We face the same struggle every winter: a choice between a comfortable home or an affordable energy bill. It can often feel like you have to choose between paying astronomical heating bills or wearing ski gear in the house. In this article you will learn of different ways to make your home energy efficient.
Heating houses in the winter can easily cost more than cooling them in the summer. It takes a lot less energy to keep a house at 70 degrees in 90 degree weather than it does in 20 degree weather, after all. Fortunately, there are ways to lower your heating bill without lowering the heat. Making your home more energy-efficient will reduce the amount of energy necessary to keep it warm, lowering your heating bill.
These are some of the best ways to make your home more energy-efficient. There are other methods out there, but these are the most common.
Use the Sun
If your house has windows facing south, open the curtains on those windows during the day. They’ll let in sunlight essentially all day, and that sunlight will naturally warm your house. Then close the curtains at night to trap the heat.Note that this only works with south-facing windows all day.
East-facing windows will only let in the morning sun, and west-facing windows will only let in the afternoon sun. These are still somewhat useful, but not nearly as much as southward-facing windows.
When it comes to insulation, windows are weak spots. It is simply easier for heat to escape through glass windows than insulated walls. Quilted curtains are, effectively, insulation for your windows.
Like most curtains, they can come in all sorts of patterns and colors, so you should have no trouble finding curtains you like. The quilted fabric will help to trap the heat in your home so it does not escape through the windows.
Find and seal drafts
Your house may have more drafts than you realize. Just because a home does not feel “drafty” does not mean that there are no drafts. There may be small openings around windows and doors that let air (and heat!) escape. Unfinished areas behind cupboards can leak heat, and anywhere in the building where plumbing enters and leaves should be sealed tight.
Even the chimney for the fireplace can be leaking heat if the cut-through in the roof has not been properly sealed, or if the seal is old and worn out. Sealing off these drafts can save you a lot of money.
Insulate your house
All homes are built with insulation, but many people do not realize that some maintenance must be done to keep the house insulated. Check the attic first. Hot air rises, and if the attic is poorly insulated you could be losing a lot of heat.
If the insulation looks thin or uneven, you will need to add more. This is something that you can do easily on your own. Checking the insulation in the walls is more challenging, and you will likely need professional help both to check it and to add new insulation. Fortunately, insulation problems in the attic are far more likely.
Switch the direction your ceiling fan rotates
Most fans are set to rotate counterclockwise. This pulls cool air up from the floor and blows it back down, redistributing it and making the room feel cooler. In the winter though, it is not as helpful. Instead, switch the fans so that they turn clockwise.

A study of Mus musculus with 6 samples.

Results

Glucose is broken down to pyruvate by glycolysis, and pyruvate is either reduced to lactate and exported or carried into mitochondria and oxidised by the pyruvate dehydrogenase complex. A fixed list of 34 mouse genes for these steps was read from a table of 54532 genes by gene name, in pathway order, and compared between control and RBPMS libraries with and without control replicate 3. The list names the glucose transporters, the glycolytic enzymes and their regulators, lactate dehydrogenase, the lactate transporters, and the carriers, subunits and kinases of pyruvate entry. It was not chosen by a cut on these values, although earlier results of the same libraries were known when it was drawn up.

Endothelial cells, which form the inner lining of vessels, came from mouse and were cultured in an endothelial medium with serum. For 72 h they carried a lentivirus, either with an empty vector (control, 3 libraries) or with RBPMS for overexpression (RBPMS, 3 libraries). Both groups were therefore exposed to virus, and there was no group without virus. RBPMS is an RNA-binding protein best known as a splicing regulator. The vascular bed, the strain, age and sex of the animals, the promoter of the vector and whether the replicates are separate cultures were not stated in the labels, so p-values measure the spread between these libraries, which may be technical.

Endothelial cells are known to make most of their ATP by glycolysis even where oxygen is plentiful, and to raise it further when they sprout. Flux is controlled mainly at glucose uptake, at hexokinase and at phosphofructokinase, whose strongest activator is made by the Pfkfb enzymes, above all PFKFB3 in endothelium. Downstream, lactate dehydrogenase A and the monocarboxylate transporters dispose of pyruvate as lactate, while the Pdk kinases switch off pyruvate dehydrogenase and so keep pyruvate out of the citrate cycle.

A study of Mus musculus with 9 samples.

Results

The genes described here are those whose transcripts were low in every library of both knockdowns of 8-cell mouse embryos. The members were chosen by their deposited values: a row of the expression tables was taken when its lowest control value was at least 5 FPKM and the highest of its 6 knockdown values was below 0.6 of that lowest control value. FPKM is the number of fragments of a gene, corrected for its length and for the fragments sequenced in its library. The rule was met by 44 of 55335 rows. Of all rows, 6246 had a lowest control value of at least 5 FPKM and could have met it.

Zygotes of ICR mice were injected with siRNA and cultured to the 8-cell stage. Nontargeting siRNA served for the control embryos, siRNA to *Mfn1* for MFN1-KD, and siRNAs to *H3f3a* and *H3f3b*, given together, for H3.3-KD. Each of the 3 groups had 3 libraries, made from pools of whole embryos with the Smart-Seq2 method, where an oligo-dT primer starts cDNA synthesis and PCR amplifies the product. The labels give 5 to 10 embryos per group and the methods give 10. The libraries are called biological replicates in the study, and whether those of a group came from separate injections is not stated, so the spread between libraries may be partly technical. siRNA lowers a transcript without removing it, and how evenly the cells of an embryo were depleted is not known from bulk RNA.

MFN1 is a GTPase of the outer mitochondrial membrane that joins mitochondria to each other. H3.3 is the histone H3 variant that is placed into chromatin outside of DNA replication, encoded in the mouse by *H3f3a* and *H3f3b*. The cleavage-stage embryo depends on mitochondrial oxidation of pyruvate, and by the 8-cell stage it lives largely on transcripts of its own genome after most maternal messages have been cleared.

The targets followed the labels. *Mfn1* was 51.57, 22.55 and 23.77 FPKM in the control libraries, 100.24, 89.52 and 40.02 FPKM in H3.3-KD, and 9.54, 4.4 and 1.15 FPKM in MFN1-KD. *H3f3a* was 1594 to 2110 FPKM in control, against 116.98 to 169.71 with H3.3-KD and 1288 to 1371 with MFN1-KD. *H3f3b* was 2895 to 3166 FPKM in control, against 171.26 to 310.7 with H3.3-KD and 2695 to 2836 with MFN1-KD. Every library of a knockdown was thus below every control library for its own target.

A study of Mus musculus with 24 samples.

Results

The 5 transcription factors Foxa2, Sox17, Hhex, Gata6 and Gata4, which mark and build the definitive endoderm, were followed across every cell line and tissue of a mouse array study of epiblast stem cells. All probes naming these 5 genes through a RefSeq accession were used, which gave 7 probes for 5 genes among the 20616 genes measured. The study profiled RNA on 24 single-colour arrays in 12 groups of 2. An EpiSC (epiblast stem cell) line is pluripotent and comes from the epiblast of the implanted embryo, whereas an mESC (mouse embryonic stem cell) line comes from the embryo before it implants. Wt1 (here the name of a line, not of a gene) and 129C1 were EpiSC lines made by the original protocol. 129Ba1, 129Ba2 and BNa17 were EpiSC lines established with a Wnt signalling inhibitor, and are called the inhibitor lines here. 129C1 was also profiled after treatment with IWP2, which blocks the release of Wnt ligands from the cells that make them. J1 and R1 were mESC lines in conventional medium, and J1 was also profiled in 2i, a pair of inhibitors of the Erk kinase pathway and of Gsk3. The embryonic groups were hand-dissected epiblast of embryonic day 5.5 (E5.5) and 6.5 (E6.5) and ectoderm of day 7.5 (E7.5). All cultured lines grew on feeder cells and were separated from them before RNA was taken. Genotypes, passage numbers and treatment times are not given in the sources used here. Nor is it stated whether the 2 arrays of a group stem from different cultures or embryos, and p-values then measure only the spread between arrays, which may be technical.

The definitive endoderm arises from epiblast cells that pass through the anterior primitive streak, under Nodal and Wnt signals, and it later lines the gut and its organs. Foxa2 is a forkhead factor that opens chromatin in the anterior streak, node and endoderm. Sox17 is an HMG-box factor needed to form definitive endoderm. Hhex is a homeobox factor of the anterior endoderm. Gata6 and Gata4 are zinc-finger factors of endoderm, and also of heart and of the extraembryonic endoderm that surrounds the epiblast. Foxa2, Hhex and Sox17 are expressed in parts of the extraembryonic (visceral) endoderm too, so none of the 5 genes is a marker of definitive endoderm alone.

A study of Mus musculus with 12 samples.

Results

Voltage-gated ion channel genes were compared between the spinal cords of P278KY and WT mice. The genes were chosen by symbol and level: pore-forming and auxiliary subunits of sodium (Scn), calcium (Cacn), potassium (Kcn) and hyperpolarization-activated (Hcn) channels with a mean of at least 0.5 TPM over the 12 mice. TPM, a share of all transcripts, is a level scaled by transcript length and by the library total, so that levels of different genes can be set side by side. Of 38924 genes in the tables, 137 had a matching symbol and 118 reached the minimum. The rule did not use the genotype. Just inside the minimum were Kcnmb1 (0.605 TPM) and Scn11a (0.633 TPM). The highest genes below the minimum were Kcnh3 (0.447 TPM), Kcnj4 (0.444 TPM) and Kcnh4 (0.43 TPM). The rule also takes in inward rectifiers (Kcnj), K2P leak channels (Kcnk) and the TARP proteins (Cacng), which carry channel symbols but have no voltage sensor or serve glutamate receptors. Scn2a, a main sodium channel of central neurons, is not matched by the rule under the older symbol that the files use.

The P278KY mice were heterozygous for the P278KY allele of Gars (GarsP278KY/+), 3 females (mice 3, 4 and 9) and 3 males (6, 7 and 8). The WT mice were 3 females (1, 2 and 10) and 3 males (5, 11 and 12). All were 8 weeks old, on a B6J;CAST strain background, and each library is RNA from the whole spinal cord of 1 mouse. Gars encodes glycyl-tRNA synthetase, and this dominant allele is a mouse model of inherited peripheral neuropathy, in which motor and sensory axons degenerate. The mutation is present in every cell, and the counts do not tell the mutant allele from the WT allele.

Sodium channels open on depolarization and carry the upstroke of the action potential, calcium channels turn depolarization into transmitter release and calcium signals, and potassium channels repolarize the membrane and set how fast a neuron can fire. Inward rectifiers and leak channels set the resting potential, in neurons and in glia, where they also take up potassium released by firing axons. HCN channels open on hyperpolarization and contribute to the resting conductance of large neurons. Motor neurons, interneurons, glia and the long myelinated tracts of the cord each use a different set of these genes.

Hot air rises, which means when your heater is on, the warmest air in the house will gather at the ceiling. Switching the fans to turn clockwise will blow all that hot air back down and make the room feel warmer. In turn, you will not need to turn the heat up as high.
Do not use exhaust fans
Your house has exhaust fans over the stove and in the bathrooms. These are an often overlooked source of heat loss in the winter, as they pull air out of the house continuously while in use. Unfortunately, you probably cannot avoid using them altogether.
When you must use them, use them sparingly and shut them off as soon as they are no longer necessary. You might be surprised at how much that will save you.
Use space heaters
Instead of heating your entire home all at once, you might consider buying space heaters for the rooms you use the most. Portable space heaters can even be carried from room to room with you.
Space heaters will not use as much energy as a central heating system, because they are only heating up a small area. You can choose portable units, or permanently installed baseboard units. Either way, they will efficiently heat up a room without using too much energy. They will also warm the room much more quickly than a central heating system.
There are many different types of space heaters, but the most important factor in deciding which one to get is how much space they are rated for. Some portable models can only heat very small rooms and may not be sufficient for your needs.
Lower the temperature, wear more clothes
One of the easiest and cheapest ways to improve your home’s energy efficiency is simply to lower the thermostat. You do not need to shut off the heat altogether, but you also do not need the house to be so warm that you can wear shorts indoors in the winter.
Keeping your thermostat between 60 and 70 degrees can save up to 5 percent on your energy bill for each degree. Sixty-five degrees will still feel a lot warmer than the air outside.
Lower the thermostat and simply wear more warm clothing like sweatpants at home. You will save money and still be quite comfortable.
Keeping your home warm in winter does not have to be expensive, but it may take some effort to make the house more energy-efficient. If you have more questions about how to maximize your home’s energy efficiency, or would like some professional tips on how to do so, contact Presidential Heating and Air today.